Editors’ Note: As part of our ongoing Diversity and Inclusion Spotlight series, Cody McDavis, a 2L at UCLA School of Law, and Daniela Peinado, a 3L at Notre Dame, interviewed San Diego partner Julie Park. In the excerpt below, Julie, who is a member of our Product Liability Group, discusses why she’s built her career at MoFo and shares advice for working parents.
Daniela: Why did you decide to practice law?
Julie: I was a chemist before I became a lawyer and worked at Pfizer for a few years. Being a chemist and doing bench research made me realize that I wanted something different. As a scientist, what I really craved was human interaction and one-on-one conversations. Being a lawyer satisfied that need.
I also really enjoy a career where people have to write and communicate as part of their regular jobs. That was something I didn’t have as a scientist.
Daniela: You started at MoFo as a summer associate. Could you explain why you love MoFo? Why have you stayed at the firm?
Julie: There are a number of things that I really love about MoFo, and I think my perspective about what I love about this job has changed as my career has changed.
One of the things that I found when I first came here was that everyone here is really smart. I thought that it was really cool to walk around and be able to talk to people who were just really intelligent and really on top of things.
I also love how interesting and complex the work is. MoFo lawyers get to work for some of the biggest names and on some of the most complex problems. I’ve had the opportunity to learn everything about a company’s product and recently had the opportunity to work on the Biosimilars Act that was decided by the Supreme Court.
After going through the process of becoming partner, I realized people here really care about each other. To me, that is very important. A lot of senior partners mentored me along the way and helped me with my professional and business development.
I’ve seen it as an associate as well. People here care about your professional development. Whether it’s advising on how to finish a memo or answering a career path question, people here want you to succeed.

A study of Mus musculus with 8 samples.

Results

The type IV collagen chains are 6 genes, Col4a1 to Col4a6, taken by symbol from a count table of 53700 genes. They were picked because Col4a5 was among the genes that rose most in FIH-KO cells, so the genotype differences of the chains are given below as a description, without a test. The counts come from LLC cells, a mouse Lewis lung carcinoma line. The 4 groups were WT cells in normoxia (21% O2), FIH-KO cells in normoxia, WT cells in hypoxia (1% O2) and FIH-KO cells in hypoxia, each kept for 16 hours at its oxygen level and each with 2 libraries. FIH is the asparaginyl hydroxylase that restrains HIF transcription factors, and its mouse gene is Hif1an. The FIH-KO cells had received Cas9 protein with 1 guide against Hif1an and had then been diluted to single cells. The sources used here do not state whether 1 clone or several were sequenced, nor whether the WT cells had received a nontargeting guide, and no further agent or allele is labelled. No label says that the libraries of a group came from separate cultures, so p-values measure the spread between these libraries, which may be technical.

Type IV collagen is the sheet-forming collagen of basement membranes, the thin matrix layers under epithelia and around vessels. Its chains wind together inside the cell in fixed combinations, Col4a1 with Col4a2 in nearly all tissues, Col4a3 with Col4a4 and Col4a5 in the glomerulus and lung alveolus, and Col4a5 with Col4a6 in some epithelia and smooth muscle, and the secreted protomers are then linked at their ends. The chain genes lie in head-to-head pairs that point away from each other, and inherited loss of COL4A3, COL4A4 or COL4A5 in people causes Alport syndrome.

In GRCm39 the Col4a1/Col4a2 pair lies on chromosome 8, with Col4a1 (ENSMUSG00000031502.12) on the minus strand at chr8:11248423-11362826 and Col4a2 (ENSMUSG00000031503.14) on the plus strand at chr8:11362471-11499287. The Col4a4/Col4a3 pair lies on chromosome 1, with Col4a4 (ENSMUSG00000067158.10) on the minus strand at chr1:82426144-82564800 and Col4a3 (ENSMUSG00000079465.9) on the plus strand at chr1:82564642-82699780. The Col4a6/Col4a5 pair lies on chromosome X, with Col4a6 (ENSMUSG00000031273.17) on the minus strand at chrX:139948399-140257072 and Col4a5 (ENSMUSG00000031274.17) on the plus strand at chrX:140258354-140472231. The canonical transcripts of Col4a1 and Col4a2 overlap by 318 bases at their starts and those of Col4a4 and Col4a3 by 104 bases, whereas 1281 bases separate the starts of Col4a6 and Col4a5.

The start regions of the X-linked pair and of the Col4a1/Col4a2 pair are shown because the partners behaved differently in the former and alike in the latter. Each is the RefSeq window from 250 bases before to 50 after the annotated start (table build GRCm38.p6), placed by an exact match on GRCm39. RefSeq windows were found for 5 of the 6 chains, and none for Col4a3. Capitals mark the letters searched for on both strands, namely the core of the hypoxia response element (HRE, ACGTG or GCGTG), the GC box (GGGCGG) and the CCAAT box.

Daniela: How do you think associates should begin to develop business?
Julie: I think it’s important to do what is comfortable for you. There are some people who like to go to networking events and love talking to people. There are other people who like to get involved in bar activities or community service. And then there are other people who like to nurture one-on-one relationships.
You’re not going to develop new business and get new clients if you’re not being yourself. Finding that path and discovering what works best for you is really important.
Cody: Let’s talk about work-life balance. You have two young children. How have you balanced being a full-time mother, while achieving building a successful practice?
Julie: In some ways, having children very early in my career was a real benefit. There is more flexibility at that stage of your career to take time off. I also think MoFo has great resources for parents such as the back-up daycare program. Having those resources available was a huge help.
Even though we work a ton and we work really hard, this job is actually quite flexible. In my experience, personal commitments are very important to people here at the firm. Obviously there is a range of how important things are. But if you manage your time, and you are committed and responsive to people, you can make it work.
I live near the office, so I can duck out for my children’s school performances or take care of things at home. That flexibility has helped me a lot in terms of managing work and doing the “mom thing.”
Cody: Do you view the elements of your identity that make you diverse an asset or a source of confidence rather than something that may disadvantage you?
Julie: I think resources such as the MoFo Summit for Women In-House Counsel and the MoFo Diversity Summit helped me recognize what it is about me that’s different from other people. With so many people joining the field, I don’t think there is a typical lawyer anymore.
It is important to recognize what differentiates you from other people and how you can take advantage of your differences to impact your career.